The European carmakers' trade association, ACEA, has rebutted claims in a new report that modern diesel engine cars are more polluting than established tests suggest.

The Real Urban Emissions Initiative (True) report is based on research that uses a beam of light to analyse the exhaust plume of a car as it passes and automatic number plate recognition to link the measurement to a specific model. The True report says that new diesel models released in 2016 were still on average five over times above the EU's official baseline limit of 0.08mg of nitrogen oxides (NOx) per kilometre. 

However, ACEA  has strongly rebutted the claims and says that the latest Euro 6d diesel cars emit low pollutant emissions on the road under the new Real Driving Emissions (RDE) test, which came into application in September 2017.

Under RDE, a car is driven on public roads over a wide range of conditions using portable measuring equipment. RDE complements the lab test, WLTP, to ensure that pollutant emission levels measured during the laboratory test are confirmed on the road, ACEA notes.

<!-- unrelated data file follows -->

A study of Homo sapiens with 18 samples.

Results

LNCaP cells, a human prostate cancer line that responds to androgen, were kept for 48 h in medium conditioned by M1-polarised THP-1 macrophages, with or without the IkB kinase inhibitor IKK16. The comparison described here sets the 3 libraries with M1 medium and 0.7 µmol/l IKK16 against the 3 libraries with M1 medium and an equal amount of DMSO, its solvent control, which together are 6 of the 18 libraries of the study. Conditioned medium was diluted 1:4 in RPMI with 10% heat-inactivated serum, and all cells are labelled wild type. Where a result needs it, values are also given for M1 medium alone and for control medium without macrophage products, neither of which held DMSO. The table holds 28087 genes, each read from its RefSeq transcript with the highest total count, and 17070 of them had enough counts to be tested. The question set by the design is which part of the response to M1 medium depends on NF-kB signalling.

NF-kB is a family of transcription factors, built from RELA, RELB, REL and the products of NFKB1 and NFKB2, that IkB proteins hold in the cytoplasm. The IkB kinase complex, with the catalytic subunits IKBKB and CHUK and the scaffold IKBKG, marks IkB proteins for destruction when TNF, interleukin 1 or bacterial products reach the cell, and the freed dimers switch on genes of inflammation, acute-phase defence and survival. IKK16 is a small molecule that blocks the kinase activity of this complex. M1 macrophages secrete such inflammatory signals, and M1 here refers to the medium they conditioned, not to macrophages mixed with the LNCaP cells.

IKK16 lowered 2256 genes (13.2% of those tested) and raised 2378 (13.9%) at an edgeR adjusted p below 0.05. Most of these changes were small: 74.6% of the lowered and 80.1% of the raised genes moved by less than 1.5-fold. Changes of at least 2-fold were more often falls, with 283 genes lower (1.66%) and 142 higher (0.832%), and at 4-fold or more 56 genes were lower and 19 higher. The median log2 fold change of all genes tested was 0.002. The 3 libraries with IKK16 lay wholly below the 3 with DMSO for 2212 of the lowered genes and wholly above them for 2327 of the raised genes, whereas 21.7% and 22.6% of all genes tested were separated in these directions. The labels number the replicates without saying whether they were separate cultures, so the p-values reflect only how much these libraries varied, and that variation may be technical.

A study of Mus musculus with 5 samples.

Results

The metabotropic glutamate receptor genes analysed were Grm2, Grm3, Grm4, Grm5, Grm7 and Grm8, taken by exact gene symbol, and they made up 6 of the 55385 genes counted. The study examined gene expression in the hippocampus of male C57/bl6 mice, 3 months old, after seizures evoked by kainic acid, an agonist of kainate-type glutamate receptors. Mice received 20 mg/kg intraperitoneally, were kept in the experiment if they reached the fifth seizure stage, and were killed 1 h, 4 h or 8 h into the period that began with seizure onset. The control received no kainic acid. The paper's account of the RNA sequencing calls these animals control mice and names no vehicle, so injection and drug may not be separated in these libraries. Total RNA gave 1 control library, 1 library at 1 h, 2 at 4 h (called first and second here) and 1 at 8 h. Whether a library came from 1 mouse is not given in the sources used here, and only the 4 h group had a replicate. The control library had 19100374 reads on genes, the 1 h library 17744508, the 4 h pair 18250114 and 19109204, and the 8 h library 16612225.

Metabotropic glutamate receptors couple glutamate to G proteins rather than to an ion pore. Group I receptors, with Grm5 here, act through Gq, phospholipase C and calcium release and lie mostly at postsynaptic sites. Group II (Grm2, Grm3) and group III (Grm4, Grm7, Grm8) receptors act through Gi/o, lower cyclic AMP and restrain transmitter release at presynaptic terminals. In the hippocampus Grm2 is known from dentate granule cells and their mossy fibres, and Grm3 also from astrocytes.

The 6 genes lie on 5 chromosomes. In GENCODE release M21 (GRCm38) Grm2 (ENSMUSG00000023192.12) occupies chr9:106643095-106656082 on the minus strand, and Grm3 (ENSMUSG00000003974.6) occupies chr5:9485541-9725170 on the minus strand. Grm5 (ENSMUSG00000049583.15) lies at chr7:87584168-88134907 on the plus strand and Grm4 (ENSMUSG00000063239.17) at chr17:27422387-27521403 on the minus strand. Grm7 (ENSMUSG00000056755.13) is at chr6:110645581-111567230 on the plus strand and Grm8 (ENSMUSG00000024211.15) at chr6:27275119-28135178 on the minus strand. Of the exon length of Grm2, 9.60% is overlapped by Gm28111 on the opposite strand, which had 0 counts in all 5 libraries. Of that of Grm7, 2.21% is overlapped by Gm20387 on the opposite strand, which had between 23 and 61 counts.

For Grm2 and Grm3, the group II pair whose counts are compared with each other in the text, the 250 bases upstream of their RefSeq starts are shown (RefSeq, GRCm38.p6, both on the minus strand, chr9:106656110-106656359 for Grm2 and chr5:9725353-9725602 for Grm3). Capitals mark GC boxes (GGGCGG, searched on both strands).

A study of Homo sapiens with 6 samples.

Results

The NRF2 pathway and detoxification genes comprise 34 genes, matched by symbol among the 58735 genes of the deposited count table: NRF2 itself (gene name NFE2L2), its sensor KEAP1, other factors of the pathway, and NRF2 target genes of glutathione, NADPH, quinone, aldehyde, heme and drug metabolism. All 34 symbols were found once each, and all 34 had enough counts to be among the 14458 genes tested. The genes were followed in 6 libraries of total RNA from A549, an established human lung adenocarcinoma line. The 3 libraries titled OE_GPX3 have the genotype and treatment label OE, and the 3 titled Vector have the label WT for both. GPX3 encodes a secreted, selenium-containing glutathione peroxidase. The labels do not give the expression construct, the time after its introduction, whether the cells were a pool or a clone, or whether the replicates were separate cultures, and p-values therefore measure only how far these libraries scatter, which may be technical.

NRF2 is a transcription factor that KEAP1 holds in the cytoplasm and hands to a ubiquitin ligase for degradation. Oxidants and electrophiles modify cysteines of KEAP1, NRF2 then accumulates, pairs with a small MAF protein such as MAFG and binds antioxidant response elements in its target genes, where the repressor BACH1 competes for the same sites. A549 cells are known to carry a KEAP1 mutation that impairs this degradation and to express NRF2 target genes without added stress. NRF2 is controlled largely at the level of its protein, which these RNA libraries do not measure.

"The claims from the new 'TRUE' study are misleading for consumers," said Erik Jonnaert, Secretary General of ACEA. "EU policymakers will be equally disappointed that there is no acknowledgement that the latest Euro 6 diesel cars complying with the new RDE legislation are very clean."

The claims made in this study are based on 'remote sensing' results collected between 2011 and 2017. They therefore do not evaluate the on-road performance of the latest diesel vehicles approved to the Euro 6d standard since September 2017, ACEA maintains.

Jonnaert added: "As all cars tested as part of this 'TRUE' initiative were pre-Euro 6d vehicles, the fact that they do not meet emissions requirements that only became mandatory after they were put on the market is not surprising."

ACEA says that research by FuelsEurope and the Association for Emissions Control by Catalyst (AECC) also shows that the latest generation of diesel vehicles will continue to play a major role in helping reach future CO2 targets. Likewise, these vehicles will also have a positive impact on improving air quality, along with other local measures, in areas where exceedance of NO2 remains a concern, ACEA maintains.